Brazil petrochemical giant’s salt mine partially collapses
The area had previously been evacuated and there were was no risk to people, the civil defence authority said.
A mine belonging to Brazilian petrochemical giant Braskem ruptured and partially collapsed on Sunday in the northeastern coastal city of Maceio, the city’s civil defence authority said.
Video the authority distributed shows a sudden bubbling of the water in the Mundau lagoon in the city’s Mutange neighbourhood, caused by the mine’s rupture.
The area had previously been evacuated and there were was no risk to any people, it said in a statement.
Braskem’s 40 years of rock salt mining in Maceio has prompted the displacement of tens of thousands of people and on November 28 the company alerted authorities of the imminent risk the mine would collapse. Land around the mine has been steadily sinking ever since, falling a total of 2.35 metres as of Sunday morning.
Local residents were told not to travel near the area.
In the first few days, Braskem sent regular updates, including possible times at which the mine could collapse.
Between 1979 and 2019, when Braskem announced the shutdown of its rock salt operations in Maceio, the company operated 35 mines.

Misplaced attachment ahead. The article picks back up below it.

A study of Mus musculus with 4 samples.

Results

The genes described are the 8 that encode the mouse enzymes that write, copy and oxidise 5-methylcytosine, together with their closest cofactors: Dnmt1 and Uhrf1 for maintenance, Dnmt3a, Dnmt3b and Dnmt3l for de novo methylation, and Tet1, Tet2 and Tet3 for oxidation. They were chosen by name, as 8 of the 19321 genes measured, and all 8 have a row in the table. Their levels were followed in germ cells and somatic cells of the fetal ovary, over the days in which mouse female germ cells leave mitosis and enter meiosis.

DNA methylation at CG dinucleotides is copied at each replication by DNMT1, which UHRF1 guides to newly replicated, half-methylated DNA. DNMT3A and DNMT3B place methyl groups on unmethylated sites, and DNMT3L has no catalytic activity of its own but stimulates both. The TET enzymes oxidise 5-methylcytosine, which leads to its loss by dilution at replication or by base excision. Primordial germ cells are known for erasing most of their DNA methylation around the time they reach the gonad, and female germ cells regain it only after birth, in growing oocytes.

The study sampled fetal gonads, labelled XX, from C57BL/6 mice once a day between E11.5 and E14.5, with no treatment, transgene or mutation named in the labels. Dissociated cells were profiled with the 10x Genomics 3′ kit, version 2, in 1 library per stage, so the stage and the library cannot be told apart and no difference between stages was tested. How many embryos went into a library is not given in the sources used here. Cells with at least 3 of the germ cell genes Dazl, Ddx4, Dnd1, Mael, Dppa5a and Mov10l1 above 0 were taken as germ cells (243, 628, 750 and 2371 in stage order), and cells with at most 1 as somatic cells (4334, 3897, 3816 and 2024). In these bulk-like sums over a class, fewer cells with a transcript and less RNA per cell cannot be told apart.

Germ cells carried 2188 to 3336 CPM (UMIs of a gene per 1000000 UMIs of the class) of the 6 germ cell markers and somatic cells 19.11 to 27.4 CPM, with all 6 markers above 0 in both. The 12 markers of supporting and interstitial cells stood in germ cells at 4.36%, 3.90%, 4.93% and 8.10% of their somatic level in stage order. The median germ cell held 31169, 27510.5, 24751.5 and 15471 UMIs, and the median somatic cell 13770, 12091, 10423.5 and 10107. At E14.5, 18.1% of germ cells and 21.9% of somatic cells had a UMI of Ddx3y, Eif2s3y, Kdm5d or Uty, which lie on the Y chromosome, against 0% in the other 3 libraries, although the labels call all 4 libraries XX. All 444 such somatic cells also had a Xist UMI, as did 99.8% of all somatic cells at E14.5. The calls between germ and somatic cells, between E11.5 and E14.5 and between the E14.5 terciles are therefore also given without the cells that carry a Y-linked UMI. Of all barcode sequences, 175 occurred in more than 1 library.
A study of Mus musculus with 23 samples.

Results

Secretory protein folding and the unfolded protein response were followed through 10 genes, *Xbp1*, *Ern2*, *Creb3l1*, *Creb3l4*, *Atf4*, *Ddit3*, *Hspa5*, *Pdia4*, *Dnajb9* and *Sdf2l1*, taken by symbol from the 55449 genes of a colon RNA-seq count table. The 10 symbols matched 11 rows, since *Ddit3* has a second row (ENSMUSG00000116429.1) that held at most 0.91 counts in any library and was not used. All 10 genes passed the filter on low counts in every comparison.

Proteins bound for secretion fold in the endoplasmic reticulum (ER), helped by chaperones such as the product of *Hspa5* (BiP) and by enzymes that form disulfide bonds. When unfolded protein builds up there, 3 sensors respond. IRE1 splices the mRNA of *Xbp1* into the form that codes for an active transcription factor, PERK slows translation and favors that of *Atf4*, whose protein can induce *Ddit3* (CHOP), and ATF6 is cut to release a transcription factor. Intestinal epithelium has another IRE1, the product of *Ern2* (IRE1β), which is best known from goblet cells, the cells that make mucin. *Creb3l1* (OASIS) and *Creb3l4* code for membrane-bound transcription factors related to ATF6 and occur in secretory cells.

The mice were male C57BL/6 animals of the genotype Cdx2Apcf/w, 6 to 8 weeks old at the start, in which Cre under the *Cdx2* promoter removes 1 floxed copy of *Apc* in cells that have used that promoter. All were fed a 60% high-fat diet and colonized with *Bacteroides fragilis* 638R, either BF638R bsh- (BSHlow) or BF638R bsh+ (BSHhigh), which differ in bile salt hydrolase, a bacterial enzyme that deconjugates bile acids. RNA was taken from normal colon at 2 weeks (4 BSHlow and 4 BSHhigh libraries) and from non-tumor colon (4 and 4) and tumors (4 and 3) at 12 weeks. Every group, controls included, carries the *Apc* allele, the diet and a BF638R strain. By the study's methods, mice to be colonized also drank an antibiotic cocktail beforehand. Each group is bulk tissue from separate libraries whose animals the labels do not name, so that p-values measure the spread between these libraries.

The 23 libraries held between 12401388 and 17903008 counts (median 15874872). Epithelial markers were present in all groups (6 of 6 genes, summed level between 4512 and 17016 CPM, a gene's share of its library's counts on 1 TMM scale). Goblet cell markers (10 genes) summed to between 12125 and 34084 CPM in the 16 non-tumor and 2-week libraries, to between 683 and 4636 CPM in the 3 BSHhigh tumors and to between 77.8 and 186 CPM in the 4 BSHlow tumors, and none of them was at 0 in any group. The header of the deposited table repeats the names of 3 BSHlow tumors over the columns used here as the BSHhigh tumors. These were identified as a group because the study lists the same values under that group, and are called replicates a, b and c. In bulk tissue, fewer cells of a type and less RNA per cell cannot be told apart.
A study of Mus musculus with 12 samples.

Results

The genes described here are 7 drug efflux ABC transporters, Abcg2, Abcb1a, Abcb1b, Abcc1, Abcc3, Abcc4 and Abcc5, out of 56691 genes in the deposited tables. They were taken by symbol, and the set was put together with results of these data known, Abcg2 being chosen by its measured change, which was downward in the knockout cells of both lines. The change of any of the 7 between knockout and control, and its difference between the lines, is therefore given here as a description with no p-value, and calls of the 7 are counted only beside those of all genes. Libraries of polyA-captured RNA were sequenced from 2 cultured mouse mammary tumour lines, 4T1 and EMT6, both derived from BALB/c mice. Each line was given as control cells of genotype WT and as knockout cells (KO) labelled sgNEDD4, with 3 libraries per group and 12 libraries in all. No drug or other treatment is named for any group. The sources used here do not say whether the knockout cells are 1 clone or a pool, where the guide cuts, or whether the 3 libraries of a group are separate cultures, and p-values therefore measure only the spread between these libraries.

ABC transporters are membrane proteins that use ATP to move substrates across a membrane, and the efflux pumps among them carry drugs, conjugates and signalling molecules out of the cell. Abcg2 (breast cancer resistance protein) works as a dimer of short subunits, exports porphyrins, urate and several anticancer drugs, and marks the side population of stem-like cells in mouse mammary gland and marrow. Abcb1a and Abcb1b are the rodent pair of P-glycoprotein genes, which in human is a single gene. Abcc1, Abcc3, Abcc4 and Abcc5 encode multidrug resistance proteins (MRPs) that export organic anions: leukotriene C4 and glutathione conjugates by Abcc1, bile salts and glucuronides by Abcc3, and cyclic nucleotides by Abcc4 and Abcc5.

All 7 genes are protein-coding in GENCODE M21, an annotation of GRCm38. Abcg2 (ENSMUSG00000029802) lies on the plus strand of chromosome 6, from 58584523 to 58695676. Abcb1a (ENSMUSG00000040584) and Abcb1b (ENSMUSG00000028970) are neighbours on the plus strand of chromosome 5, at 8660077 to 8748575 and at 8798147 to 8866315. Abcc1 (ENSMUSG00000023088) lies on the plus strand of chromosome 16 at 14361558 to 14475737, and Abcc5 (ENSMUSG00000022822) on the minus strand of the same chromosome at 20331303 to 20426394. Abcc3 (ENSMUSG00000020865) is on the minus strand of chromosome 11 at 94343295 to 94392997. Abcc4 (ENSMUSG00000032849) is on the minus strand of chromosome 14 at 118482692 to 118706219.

Troubles in Maceio began a year earlier, when large cracks first appeared on the surface. Some stretched several hundred metres. The first order to evacuate some areas — including parts of the Mutange neighborhood — came in 2019.
Since then, residents in five neighbourhoods have accepted Braskem’s payouts to relocate. According to the Brazilian Senate’s website, some 200,000 people in Maceio were affected by the company’s mining activities.
In July, the company reached a 356 million dollar (£284 million) settlement with the coastal city.
Aside from mine 18, which ruptured on Sunday, Braskem says it is in the process of filling eight other cavities with sand.
Rock salt mining is a process of extracting salt from deep underground deposits. Once the salt has been extracted, the cavities left behind can collapse, causing the soil above to settle. Structures built on top of such areas can topple.
Braskem is one of the biggest petrochemical companies in the Americas, owned primarily by Brazilian state-run oil company Petrobras and construction giant Novonor, formerly known as Odebrecht.